Friday, February 27, 2009

Basilica Notre Dame, Montreal

Inside the 19th-century Gothic Revival basilica of Notre Dame in Montreal is a marvelous interior by Victor Bourgeau that blends dark wood, gold leaf and blue light into a fairly magical environment.

Old Montreal

Underutilized buildings in Old Montreal that could be put to a lot of productive uses: art galleries, editorial offices, studios. The possibilities are endless.

Monday, February 16, 2009

Anni Rapinoja at Yerba Buena Center for the Arts, SF

From "Irreverent: New Nordic Craft Art" at Yerba Buena. Rapinoja is a Finnish artist whose "Coat of Mother Earth" and "Hat of Mother Earth" reminded me of the Native clothing I'd seen in December at the Lil'wat and Squamish Cultural Center in Whistler (see entry below), some of which was made from similar materials.
I suppose could go all expository here, but that would be too obvious.

Monday, February 9, 2009

Financial District entry

Another Willis Polk work: The Kohl Building, Montgomery at California streets. This would be a lovely portal through which to pass at the start and finish of every work day, I think.

New and old, two studies

In the top photo, the Russian Hill houses designed by seminal SF architect Willis Polk are in the foreground, Joseph Eichler's Summit tower in the background. Both are really nice works, albeit in very different styles. The Summit is one of only three high-rises built by Eichler, who was primarily known for his modern suburban ranch house developments (which are rather nicer than this, I think). The architect is Tibor Fecskes at Neill Smith and Associates.
The lower photo was taken on California Street in the Financial District. In the foreground, the Bank of California building (1908, Bliss and Favill) looks splendid, a formidable temple of capitalism with its fine Corinthian columns. By contrast, the Union Bank of California building behind it employs bland surfaces that are totally lacking in ornament, which gives it an utter lack of grandeur or even a clearly identifiable purpose. Without the signage, it could be anything.

Wednesday, February 4, 2009

The zeppelin in my apartment

One of the coolest things I've ever been given is this block puzzle that Bill Cobb found at a garage sale in Pennsylvania. Its "Made in Germany" label identifies it as a pre-war product, as do the images formed when the blocks are assembled correctly. These depict nearly every form of transportation of the era, from sailboats to the Graf Zeppelin, and include the Schienenzeppelin or "Rail Zeppelin," a strange device that used a BMW aero engine to set a speed record for rail vehicles that stood for more than half a century. If I'm correct, there's also a BMW engine in that airplane, which I think is the Dornier Whale, a plane that could land and take off from the water.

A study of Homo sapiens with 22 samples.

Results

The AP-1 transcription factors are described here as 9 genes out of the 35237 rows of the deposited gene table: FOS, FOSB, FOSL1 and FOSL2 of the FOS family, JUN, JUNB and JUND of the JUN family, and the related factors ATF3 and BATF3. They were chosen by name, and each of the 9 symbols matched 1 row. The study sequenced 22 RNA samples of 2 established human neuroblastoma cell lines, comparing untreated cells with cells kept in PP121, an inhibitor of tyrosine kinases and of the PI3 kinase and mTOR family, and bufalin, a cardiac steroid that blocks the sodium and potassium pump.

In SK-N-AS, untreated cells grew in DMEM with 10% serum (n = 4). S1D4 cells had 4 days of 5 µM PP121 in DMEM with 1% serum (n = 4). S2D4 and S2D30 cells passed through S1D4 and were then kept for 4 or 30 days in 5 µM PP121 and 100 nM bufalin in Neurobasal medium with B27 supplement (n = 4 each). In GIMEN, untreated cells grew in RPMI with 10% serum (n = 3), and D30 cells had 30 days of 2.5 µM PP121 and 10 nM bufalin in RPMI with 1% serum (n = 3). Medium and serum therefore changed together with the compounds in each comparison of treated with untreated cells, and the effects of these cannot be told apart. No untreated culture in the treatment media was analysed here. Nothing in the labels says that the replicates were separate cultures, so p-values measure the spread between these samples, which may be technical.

Monday, February 2, 2009

The zeppelin outside my window

What could be cooler than looking out the window to see an honest-to-God zeppelin flying past? Very little, I think!
The Airship Ventures zeppelin moors at the old dirigible hangar in Mountain View, Ca. It was built at Friedrichshaven, home of the great Zeppelinwerke Friedrichshaven that built the great zeppelins of the 1930s (and which now builds the transmissions and steering racks for BMW cars, among others). As big as this one is, it's only one-third the size of those airships, which must have been an incredible sight in the skies over Europe and the U.S. back in the day. (Iif you're wondering what the difference is between a zeppelin and a blimp, a zeppelin has an internal metal structure, which a blimp does not.)

Opus One, Oakville, California

Not only is the wine terrible, but the building is a bizarre pastiche that suggests a collision between Michael Graves' Portland building and the Mausoleum of Augustus.